AGRA, Okla. (KFOR) -- It's not the kind of polling place where residents are likely to complain about long lines.
Of the 262 voters who cast their ballots at Precinct #5 in the Agra Senior Citizens Center, almost all of them knew each other.
All of them knew Willa Jean McEntire, a long serving Election Supervisor and lifelong resident of this small town north of Chandler, Okla.
"I was born north of here," she says. "Raised east of here. Now, I live in town."
She started on the job pretty young in 1951.
Harry Truman was president and Willa Jean had driven home from college when she got a call to fill in at the polling place.
Someone else had called in sick.
"They were in a bind, right?" asks a town visitor.
"They were in a big bind," she replies.
"My daddy said, 'She can't even vote!"
Over the years she moved from substitute, to clerk, to judge, to supervisor.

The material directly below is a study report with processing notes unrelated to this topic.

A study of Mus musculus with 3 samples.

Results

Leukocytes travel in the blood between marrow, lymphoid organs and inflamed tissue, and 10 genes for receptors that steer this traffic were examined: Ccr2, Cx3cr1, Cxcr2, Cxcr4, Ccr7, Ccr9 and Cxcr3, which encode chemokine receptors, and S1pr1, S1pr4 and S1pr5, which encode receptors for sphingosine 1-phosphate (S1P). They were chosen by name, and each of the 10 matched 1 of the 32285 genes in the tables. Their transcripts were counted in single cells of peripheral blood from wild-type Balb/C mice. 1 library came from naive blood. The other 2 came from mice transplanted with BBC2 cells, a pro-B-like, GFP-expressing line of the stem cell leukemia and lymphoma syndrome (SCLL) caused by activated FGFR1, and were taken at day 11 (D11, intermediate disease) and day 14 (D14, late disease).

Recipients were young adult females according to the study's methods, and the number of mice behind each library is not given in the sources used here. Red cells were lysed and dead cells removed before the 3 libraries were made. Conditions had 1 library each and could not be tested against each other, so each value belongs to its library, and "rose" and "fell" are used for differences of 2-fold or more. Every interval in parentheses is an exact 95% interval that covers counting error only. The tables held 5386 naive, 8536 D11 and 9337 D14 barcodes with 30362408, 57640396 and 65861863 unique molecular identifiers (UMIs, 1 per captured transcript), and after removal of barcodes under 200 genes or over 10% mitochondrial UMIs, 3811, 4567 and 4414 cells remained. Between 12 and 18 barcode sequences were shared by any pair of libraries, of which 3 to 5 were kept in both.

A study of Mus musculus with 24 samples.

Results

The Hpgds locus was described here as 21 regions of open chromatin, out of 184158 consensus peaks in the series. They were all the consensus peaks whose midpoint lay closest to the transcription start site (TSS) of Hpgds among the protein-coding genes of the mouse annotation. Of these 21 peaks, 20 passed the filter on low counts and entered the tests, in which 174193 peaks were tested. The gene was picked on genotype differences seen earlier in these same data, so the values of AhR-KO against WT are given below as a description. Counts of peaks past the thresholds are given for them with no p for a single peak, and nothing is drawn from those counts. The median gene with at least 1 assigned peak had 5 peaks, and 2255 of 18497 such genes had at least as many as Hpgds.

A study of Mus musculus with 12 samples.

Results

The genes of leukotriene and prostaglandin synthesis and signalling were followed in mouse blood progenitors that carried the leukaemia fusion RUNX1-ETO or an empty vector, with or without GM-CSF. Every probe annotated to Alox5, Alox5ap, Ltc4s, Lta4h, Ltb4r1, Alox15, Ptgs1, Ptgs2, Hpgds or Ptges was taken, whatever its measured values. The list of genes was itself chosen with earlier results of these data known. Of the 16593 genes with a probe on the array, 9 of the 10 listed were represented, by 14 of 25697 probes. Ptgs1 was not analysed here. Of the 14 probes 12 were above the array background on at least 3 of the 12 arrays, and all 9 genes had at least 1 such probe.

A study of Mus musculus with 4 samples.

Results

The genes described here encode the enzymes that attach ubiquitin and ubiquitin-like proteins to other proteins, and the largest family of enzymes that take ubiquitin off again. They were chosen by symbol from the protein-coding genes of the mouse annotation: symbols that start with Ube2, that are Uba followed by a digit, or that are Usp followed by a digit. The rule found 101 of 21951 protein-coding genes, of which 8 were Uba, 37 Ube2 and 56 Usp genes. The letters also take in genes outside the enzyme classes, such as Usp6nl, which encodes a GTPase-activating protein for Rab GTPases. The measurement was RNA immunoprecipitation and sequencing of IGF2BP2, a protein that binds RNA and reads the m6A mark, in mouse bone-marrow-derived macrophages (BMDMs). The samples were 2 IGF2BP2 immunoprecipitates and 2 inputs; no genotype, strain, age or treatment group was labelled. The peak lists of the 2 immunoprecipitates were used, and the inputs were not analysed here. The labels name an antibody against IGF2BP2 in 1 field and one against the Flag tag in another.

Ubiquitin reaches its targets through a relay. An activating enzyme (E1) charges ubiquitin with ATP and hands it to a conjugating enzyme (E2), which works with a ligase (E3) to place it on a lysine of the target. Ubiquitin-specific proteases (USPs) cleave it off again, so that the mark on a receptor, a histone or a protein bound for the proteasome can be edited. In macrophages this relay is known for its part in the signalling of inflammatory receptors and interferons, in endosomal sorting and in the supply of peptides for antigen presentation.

McEntire says, "I'm a people person."
Willa Jean took her job seriously too.
We had to meet the next day in the town's only cafe, well after the polls closed and the ballots were delivered safely to the county seat.
She insists, "You get all the votes tallied. Then you take them to Chandler."
The next table over, some of Agra's voters solved the world's problems over eggs and bacon.
McEntire has her own veteran poll worker's perspective on this year's slate of candidates.
"I'm disgusted with all of them," she chuckles.
As we pack up and the coffee brews, Willa Jean wanders over to the breakfast conversation.
Chances are that she gave each on of these people their first ballots as teenagers.
The latest polls predict she'll be ready to hand them another when the next election rolls around.
"November will be a biggie," she says.
McEntire recalls making $10 for her first day as a poll worker.
As supervisor in February 2020, she made just under $100.